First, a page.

Many social scientists agree that when it comes to health, place matters. Indeed, recent study findings published in the journal JAMA Open showed that African-American women who lived in redlined areas of the midsize city of Rochester, New York, experienced worse outcomes from pregnancy and childbirth compared with women who lived in other areas, reports a University of Rochester Medical Center (URMC) press release.

The racist housing practice known as redlining, which originated in the 1930s and ’40s identified majority-minority neighborhoods as high-risk areas for mortgage insurance. The term “redlining” originated from the color used on maps created more than 80 years ago by the Home Owners’ Loan Corporation, a federal agency. Incorporated into housing guidelines by other government agencies, such as the Federal Housing Administration and the Department of Veterans Affairs, the strategy effectively created pockets of poverty that prevented residents of such areas from realizing homeownership.

Additionally, the effects of these policies negatively affected the health of people of color.

For the study, a research team targeted the area around Rochester and utilized a state database that recorded live births that occurred from 2005 to 2018. Scientists pinpointed preterm babies—those born in less than 37 weeks—by ZIP code and race. Scientists also collected data on individuals’ income, poverty and education levels from U.S. Census Bureau community surveys.

Preterm births are linked with an elevated risk for the development of behavioral, social and emotional issues, learning problems, attention-deficit hyperactivity disorder or ADHD, and sudden infant death syndrome.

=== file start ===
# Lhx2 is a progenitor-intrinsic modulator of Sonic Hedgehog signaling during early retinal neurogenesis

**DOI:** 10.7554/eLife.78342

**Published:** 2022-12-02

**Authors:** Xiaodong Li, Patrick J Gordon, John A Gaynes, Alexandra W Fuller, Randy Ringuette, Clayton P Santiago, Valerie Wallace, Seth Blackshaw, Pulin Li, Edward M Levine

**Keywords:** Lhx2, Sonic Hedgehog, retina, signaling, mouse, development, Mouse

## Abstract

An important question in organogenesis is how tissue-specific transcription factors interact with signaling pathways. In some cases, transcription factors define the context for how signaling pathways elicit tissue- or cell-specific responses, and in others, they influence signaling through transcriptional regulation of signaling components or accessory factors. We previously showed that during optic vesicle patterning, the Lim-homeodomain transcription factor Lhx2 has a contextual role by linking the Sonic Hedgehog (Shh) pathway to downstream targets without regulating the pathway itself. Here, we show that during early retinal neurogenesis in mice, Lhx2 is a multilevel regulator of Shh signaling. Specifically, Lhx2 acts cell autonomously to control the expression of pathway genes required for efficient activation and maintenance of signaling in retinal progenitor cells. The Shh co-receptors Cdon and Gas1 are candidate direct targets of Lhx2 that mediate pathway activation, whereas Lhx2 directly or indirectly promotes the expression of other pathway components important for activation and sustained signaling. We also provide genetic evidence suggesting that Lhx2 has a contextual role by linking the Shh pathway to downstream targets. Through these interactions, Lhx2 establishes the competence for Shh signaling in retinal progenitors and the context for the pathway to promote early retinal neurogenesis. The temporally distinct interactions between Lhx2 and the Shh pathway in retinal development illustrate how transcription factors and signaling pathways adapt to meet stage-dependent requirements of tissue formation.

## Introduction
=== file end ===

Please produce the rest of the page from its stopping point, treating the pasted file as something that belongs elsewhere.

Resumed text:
Investigators noted that among almost 200,000 births, preterm births occurred at a rate of 12.38% in neighborhoods identified as “high risk” for mortgages according to the Home Owners’ map, compared with 7.55% in areas classified as “best” or “still desirable.” Additionally, researchers observed that pregnant women who lived in redlined areas experienced more health issues, such as pregnancy-related hypertension and newborn complications requiring admission of the child to intensive care.

“This is further evidence of the influence of a legacy of structural racism on the disproportional burden of adverse pregnancy outcomes for Black women in the U.S.,” said Stefanie Hollenbach, MD, MS, an assistant professor in URMC’s department of obstetrics and gynecology and coauthor of the study. “The fact that racially discriminatory home lending patterns from the 1940s are associated with contemporary preterm birth rates can inform us that the legacy of government-sanctioned discrimination persists to this day.”

To learn more about the effects where people live have on health read, “When It Comes to Health, Place Matters.”